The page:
25th Hour (2002 ***
Directed by Spike Lee. Written by David Benioff, based on his novel. Photography, Rodrigo Prieto. Editing, Barry Alexander Brown. Production design, James Chinlund. Music, Terence Blanchard. Producers, Spike Lee, Jon Kilik, Tobey Maguire, Julia Chasman. Cast: Edward Norton (Monty Brogan), Philip Seymour Hoffman (Jacob Elinsky), Barry Pepper (Francis Xavier Slaughtery), Rosario Dawson (Naturelle Riviera), Anna Paquin (Mary D'Annuzio), Brian Cox (James Brogan), Tony Siragusa (Kostya Novotny), et al. A Touchstone Pictures release. 130 minutes. R (violence, drugs, sex)
A puzzlement of a movie, a sort of film that falls somewhat in the "noir" category. But not "noir" in the sense of black actors since the main characters are predominantly white.
The movie centers on Monty Brogan (Edward Norton), an urbane and basically kind fellow (as pointedly shown in the prologue when he rescues and adopts a gravely wounded dog.) The plot's problem is that nice Monty (who at times looks like a scholar) is also a drug dealer. An interesting departure from the overwhelmingly common depiction of dealers as scum.
Monty's girlfriend is played by the dark-skinned actress Rosario Dawson who answers to the unnatural movie name of Naturelle. (OK, it's not as weird as "Latrina," a young woman I once talked to.) Naturelle hails from Puerto Rico. She is a beauty. In reality, New York-born Ms. Dawson is of Cuban, Native American, African American, Irish, and Puerto Rican descent.
Monty and Naturelle make a potentially fascinating, handsome couple. I wish their relationship had been further developed.
Monty has a loving dad (Brian Cox) and two best friends: the Jewish Jacob Elinsky (Philip Seymour Hoffman) who is an awkward, personally insecure literature teacher in a prep school; and the aptly-named, nominally Catholic Francis Xavier Slaughtery (Barry Pepper), a merciless Wall Street wheeler-dealer whose real religion is money.
While Monty and Francis are clearly skilled in their relations with women, Jacob is a fumbler-mumbler with no females in his life. In a clever, even cruel scene, Francis mentors Jacob on the subject, and mentions among others Jacob's perpetual bad breath. (He might also spoken of clammy hands) This is excellent melting-pot casting of individuals, but at the same time there is something unlikely about the lasting friendship of the disparate buddies.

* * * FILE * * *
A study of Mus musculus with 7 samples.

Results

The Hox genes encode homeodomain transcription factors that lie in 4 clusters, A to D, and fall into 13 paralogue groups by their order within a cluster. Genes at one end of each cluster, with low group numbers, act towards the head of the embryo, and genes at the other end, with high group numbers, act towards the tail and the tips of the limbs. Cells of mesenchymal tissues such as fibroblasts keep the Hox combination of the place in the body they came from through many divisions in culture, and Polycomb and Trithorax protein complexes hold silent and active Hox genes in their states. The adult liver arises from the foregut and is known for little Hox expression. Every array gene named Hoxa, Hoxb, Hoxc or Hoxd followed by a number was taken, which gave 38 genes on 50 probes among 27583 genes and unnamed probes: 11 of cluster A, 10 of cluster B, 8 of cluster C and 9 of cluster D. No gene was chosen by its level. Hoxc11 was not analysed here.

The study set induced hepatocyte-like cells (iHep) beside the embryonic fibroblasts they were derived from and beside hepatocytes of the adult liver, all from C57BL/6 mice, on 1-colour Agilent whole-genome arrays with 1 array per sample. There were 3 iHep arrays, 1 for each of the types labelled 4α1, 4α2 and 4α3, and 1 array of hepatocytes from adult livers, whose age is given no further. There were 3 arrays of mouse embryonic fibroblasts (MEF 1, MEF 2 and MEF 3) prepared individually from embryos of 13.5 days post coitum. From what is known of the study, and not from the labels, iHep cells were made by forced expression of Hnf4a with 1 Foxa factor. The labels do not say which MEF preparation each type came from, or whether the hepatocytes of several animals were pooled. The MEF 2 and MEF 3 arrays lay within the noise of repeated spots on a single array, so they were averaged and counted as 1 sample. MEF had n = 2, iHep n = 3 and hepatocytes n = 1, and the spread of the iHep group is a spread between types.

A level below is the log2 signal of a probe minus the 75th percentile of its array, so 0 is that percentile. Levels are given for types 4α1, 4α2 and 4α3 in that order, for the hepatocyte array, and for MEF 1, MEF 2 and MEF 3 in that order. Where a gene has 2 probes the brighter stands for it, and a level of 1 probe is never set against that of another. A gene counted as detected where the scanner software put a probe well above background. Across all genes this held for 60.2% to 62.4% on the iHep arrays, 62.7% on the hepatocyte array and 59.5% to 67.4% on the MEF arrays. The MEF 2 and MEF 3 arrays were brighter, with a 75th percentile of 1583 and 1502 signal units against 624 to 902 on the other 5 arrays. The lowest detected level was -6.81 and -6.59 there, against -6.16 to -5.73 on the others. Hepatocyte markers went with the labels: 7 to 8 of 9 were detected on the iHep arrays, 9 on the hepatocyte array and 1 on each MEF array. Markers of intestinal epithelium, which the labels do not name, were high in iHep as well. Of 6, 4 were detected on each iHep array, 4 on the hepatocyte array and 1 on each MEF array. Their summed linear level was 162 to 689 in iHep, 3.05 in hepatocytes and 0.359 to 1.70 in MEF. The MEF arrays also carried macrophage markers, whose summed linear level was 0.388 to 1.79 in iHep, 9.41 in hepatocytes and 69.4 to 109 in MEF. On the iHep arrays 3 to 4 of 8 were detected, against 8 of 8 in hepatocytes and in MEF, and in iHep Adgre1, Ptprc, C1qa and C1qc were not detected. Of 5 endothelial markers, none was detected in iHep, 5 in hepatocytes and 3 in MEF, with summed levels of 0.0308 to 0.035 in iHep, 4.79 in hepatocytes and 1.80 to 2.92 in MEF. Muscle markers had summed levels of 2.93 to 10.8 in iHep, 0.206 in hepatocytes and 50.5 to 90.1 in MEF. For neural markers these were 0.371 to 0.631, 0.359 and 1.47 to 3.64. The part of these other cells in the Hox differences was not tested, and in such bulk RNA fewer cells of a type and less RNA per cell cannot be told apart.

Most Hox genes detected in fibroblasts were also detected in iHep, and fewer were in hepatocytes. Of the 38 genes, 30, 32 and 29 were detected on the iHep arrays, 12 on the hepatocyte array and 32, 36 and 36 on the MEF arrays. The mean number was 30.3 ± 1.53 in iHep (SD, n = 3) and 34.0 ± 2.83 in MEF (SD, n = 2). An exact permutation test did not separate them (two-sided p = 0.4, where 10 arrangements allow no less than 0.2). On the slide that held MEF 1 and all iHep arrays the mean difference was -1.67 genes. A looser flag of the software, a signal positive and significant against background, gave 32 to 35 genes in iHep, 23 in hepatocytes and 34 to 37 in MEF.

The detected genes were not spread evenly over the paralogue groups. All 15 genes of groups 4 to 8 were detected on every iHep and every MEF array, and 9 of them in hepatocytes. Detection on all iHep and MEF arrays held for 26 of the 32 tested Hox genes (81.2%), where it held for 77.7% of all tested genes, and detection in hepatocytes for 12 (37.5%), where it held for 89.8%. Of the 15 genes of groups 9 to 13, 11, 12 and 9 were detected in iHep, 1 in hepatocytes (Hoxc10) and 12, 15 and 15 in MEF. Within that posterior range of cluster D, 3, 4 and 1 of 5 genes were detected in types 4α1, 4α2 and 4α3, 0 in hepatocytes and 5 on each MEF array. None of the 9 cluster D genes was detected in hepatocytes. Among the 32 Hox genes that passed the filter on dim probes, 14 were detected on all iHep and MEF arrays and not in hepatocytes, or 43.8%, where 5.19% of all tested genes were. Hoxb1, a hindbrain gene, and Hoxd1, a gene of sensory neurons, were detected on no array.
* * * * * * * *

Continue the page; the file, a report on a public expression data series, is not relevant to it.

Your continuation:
In Jacob's class Mary. A junior, is a blatantly provocative sex-bomb who tries to uses her wiles with her pathetic instructor in order to get an A which would make her accepted in a good college. Mary is played by Anna Paquin who is 20. For "The Piano" (1994), her film debut, she was Oscared as Best Supporting Actress.
All of the information above is tangential to the core plot in which Monty gets visited by cops who, in a black-humorous and near-sadistic way, find his stash of drugs. Monty was obviously betrayed by someone, and his first suspicions (which prove painful and wrong) are of Naturelle.
Monty gets sentenced to seven years of prison. The movie's title refers to his last day before the penitentiary. The trio of old pals zig-zags throughout the story and slows it down. They are eventually joined--in an "exclusive" night club redolent of sex-- by Mary, whose presence is a bit unnatural, and Naturelle.
I will not reveal more of the plot. While not uninteresting it is surpassed by the performances, notably Norton's, within a sort of filmic quintet. It is in the bathroom of that joint that Monty talks to his image in the mirror and reveals his gripes against one and all in New York City. That's a bravura scene which reprises one in Spike Lee's "Do the Right Thing." I confess that I like Lee's chutzpah paying homage to himself!
The original novel came out before the September 11 events. Somehow, the film weaves in repeatedly visual references to the World Trade Center tragedy. This is rather gratuitous, unless there's an esoteric reference here to "Casablanca," and Rick's words: "it doesn't take much to see that the problems of three little people don't amount to a hill of beans in this crazy world."
Whatever the reasons, the movie is elliptical in structure, script and dialogues. Its finale is no closure, but a realistically shot fantasy. This adds to a number of ambivalences and/or arbitrary passages. The editing and continuity could use some additional discipline. Classic films (in the widest sense) are generally disciplined while not making the viewer conscious of efforts.
No matter, "25th Hour" does survive its arbitrarinesses and will probably improve on a second viewing.